Josiah's Reviews > Now One Foot, Now the Other

Now One Foot, Now the Other by Tomie dePaola


This is an amazing story. It's easily one of an elite few picture books that I have ever encountered in terms of its emotional profundity, and of the sensitively powerful scene that Tomie dePaola masterfully sets in a way that I have never previously seen from him as a writer.

Now One Foot, Now the Other is as simple as its title, yet never falters in the strength of its emotional bond with the reader. It's the story of a young boy named Bobby, who is named after his Grandpa Bob. The two of them share a close relational connection that goes beyond just sharing a first name, and the first part of the book lovingly shows all of the simple activities that they enjoy doing together, and how these everyday things serve to make them so close. To Bobby, his grandfather is not "Grandpa" but "Bob", a unique nuance to their relationship that emphasizes their same name and makes their link together even more special.

Everything changes one day when Bob suffers a severe stroke. Now, he can no longer walk or talk, the very basic tasks that he had taken such pride in helping Bobby to learn. He can't even eat on his own anymore, or really move at all. The doctors say that Bob doesn't even know who Bobby is anymore.

Bob has to spend months in the hospital, and five-year-old Bobby sits up at night, for the first time scared of the future. Even when Bob eventually comes home, Bobby still is scared: Bob is nothing like he used to be. He lies in bed most of the day, or just sits in a chair when Bobby's father walks him to the living room.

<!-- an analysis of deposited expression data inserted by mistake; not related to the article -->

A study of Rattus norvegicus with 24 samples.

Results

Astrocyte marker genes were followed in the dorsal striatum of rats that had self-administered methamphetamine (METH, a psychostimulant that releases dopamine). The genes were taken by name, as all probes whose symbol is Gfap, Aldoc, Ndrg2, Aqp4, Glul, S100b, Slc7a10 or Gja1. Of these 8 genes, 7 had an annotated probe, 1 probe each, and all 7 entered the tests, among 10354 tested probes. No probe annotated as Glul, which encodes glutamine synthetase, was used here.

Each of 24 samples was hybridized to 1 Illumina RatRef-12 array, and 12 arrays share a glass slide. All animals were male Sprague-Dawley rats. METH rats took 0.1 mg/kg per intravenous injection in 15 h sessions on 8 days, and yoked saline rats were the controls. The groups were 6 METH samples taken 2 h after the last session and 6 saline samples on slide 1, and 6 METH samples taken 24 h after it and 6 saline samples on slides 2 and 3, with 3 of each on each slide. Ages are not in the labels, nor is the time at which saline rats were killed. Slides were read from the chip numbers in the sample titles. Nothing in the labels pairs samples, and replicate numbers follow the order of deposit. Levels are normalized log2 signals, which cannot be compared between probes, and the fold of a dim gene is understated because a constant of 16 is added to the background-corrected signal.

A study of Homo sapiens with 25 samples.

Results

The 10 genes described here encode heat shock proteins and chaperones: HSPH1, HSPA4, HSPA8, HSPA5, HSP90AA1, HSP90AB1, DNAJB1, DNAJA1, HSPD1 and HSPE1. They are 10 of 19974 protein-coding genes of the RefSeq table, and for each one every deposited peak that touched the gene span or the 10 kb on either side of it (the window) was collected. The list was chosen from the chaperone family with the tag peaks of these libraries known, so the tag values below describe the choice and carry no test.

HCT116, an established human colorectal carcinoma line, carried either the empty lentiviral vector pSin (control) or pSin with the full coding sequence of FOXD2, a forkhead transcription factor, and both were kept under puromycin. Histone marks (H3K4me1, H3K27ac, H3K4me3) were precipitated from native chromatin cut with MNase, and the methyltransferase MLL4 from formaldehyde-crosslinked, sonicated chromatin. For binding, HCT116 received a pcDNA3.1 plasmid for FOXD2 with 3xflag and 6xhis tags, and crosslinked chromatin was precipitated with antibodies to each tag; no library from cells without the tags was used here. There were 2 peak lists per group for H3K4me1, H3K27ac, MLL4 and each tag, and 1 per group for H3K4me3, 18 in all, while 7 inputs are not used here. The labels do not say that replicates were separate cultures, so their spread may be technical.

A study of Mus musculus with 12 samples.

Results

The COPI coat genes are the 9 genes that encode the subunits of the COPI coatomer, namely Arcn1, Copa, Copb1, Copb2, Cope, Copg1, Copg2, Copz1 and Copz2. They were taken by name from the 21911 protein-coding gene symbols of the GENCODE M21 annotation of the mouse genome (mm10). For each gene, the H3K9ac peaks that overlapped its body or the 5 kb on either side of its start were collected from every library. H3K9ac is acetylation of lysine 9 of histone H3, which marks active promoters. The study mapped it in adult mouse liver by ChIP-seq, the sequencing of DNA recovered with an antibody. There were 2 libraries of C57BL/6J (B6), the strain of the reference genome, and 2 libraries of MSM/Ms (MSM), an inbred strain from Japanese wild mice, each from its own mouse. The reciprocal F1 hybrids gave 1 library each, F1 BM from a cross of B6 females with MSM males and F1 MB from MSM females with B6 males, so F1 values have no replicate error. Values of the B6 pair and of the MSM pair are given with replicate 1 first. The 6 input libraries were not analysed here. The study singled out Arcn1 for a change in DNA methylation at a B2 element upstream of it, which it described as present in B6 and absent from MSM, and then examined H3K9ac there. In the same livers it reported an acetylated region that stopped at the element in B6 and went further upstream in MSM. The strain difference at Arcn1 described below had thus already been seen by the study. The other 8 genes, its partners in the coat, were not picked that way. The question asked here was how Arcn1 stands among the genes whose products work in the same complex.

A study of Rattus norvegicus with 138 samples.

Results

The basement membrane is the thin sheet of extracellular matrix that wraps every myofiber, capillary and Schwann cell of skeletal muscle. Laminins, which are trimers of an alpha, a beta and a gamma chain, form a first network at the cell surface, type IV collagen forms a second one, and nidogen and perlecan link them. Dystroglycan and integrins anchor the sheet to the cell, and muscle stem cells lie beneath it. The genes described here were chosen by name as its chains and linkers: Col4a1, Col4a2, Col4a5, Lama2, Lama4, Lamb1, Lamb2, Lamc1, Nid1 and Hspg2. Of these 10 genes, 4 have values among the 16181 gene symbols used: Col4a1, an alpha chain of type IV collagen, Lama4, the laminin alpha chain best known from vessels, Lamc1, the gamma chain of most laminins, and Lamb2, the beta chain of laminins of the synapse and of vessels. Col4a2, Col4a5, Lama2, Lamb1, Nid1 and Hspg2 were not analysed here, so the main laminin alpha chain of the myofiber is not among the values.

A profound connection like the one that Bobby shares with Bob just can't be silent forever, though. Through one seemingly inconsequential action on Bob's part Bobby becomes convinced that Bob recognizes him as his grandson, even though his mother tells him it can't be true. He determines not to be scared of his grandpa, and to help lead him back to be the Bob that he once was. Hope dawns golden bright as we realize that Bobby is right; Bob does recognize him. Bobby finds himself helping his grandpa to relearn the same life tasks that Bob had taught him: how to walk, and talk, and eat. The road is long but Bobby never succumbs to discouragement, and gradually we see a heartening improvement in Bob.

Whether or not Bob is ever restored to all that he had been before the stroke, this book casts out a powerful lifeline to anyone who has ever been in a situation like this, or who has ever found themselves losing hope over anything in their lives at all. Now One Foot, Now the Other is a quiet story with superb, very profound emotional resonance. A deep sense of love surrounds everything about the story, and it is this love that will so deeply affect the reader. It is one of the three best picture books that I have ever read.